I have this tendency to compare sci-fi shorts to The Twilight Zone. To me, it’s a high honor if I have to go there. To you, I’m sure it will become cliched over time. Bradford Hill and Andrew M. Henderson’s Mirrored is a sci-fi short that I’m going to compare to The Twilight Zone. It takes the idea of cloning and mind transfer, and while it has a thriller element to it, it has something to say about the human condition.
Mirrored opens in a futuristic genetics laboratory. 3D printers form a living human body, and then a recorded “soul” is downloaded into the body’s brain. As soon as the opening title sequence ends, the newly created Michael Kraten (Graham Sibley) awakens for the first time. Michael walks around the enclosed room switching the images that appear in the room’s “windows.”
“…he is a clone of the original Michael Kraten, who recently passed away.”
Entering the room is Dr. Nichols (Paul Tigue), who’s job it is to inform Michael that he is a clone of the original Michael Kraten, who recently passed away. It was Kraten’s family, who had him rebuilt. But there’s a problem. Instead of downloading the original Michael’s soul and memories into his body, it was “evil” billionaire Derek Krat’s (Brian Gant) soul and memories installed instead. Complicating things further, Derek Krat is still alive and wants the new Michael/Derek clone terminated. Also, entering the picture is Michael’s attractive sister Katherine (Anita Leeman), who visits her new brother with the wrong person put inside.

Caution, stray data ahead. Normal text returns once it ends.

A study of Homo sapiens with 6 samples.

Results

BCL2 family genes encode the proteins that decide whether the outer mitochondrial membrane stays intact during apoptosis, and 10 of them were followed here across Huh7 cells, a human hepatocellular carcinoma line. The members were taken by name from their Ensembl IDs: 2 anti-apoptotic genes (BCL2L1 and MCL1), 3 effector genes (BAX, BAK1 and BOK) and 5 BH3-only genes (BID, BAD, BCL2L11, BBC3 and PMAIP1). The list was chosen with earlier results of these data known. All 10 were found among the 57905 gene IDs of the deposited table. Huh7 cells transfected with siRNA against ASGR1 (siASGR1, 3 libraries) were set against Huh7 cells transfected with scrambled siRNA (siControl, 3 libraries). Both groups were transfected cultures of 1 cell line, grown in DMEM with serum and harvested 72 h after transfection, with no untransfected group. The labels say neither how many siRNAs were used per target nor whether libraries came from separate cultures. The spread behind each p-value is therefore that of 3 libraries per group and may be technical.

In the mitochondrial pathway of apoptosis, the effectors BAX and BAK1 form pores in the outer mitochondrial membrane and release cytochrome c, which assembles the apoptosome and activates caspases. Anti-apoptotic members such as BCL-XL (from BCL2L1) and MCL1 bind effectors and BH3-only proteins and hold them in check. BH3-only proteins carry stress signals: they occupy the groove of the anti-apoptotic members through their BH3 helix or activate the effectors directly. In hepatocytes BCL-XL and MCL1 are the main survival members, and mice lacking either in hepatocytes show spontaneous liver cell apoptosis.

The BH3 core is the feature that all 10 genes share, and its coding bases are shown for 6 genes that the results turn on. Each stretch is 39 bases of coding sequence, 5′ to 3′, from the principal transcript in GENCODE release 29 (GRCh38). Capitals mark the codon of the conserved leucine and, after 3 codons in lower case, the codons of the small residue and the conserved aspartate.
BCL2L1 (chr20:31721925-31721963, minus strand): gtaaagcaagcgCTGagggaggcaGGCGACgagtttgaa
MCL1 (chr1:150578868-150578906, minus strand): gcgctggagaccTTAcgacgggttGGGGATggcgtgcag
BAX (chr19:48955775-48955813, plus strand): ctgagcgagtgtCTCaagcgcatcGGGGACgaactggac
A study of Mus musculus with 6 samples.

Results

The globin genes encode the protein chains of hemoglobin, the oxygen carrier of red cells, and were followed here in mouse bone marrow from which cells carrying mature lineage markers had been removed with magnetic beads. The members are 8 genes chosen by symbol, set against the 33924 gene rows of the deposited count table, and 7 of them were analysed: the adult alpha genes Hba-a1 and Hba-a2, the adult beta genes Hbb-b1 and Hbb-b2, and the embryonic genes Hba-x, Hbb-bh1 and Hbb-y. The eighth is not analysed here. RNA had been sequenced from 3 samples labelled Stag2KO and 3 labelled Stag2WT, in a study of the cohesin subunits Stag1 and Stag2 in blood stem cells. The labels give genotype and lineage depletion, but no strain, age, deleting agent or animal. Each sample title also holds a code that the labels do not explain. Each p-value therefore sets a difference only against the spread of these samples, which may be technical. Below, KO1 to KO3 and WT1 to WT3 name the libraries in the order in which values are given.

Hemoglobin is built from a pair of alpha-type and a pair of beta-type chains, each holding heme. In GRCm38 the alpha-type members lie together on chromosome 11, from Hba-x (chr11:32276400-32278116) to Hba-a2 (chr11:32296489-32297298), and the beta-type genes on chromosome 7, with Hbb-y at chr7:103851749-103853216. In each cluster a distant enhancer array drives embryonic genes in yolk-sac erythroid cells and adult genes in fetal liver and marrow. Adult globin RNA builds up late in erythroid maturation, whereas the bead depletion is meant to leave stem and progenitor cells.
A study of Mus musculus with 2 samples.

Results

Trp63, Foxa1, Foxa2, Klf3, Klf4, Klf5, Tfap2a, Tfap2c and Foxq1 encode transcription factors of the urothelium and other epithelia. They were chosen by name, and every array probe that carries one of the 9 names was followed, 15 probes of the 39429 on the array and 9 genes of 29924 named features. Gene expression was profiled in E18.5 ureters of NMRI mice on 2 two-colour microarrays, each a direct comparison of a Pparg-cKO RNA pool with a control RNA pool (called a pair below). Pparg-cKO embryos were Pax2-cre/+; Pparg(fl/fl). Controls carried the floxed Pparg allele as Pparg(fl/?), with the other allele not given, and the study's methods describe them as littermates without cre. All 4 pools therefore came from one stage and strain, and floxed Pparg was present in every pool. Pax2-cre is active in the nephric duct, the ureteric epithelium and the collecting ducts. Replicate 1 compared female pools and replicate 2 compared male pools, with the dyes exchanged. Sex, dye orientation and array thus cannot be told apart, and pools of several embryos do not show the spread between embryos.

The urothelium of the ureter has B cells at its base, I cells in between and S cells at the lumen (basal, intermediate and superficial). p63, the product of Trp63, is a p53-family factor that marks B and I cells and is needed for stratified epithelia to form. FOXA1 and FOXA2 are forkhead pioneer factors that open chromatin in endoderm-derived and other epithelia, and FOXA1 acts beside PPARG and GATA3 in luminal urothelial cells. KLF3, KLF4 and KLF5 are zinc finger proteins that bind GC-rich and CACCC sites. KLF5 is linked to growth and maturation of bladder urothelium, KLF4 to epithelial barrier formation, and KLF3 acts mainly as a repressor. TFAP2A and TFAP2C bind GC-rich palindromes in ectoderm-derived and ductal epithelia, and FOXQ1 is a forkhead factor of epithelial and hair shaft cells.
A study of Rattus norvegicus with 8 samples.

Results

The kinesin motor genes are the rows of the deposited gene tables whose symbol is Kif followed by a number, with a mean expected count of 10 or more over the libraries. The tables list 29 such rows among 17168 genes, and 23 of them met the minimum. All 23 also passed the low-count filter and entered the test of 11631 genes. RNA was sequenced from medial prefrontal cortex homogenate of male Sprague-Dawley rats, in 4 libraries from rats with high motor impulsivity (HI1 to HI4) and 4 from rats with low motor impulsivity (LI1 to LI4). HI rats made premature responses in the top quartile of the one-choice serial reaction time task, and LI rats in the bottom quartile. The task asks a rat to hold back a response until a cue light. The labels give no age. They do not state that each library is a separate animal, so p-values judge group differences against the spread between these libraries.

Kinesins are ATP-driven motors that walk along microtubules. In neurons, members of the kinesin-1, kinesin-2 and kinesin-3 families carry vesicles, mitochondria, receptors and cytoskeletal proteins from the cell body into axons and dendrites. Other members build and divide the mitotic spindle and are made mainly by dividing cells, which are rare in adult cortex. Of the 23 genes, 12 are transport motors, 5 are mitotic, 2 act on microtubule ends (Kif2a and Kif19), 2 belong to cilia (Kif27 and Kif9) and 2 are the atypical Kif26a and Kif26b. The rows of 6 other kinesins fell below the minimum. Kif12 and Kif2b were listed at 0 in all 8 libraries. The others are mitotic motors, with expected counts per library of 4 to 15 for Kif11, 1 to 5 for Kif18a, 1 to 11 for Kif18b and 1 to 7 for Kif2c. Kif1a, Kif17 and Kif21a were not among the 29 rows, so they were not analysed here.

It’s here where Mirrored goes full-blown Twilight Zone. Is the new Michael, really Micheal, or is he Derek? Does the clone have the right to live? Is killing a clone murder? Can the clone with the wrong brain, get it on with the body’s attractive sister? (I added that one). The film presents these questions, and “answers” them in a way to provoke more conversation.
Mirrored is a fantastic overall sci-fi short with good CG-effects, a laboratory that looks like a lab, a human problem to explore, a low-budget action sequence that fits the story and builds hopeful, yet sinister, future world for humanity. Filmmakers Hill and Henderson’s short is a strong entry into the sci-fi genre and worth a watch.
"…presents these questions, and 'answers' them in a way to provoke more conversation."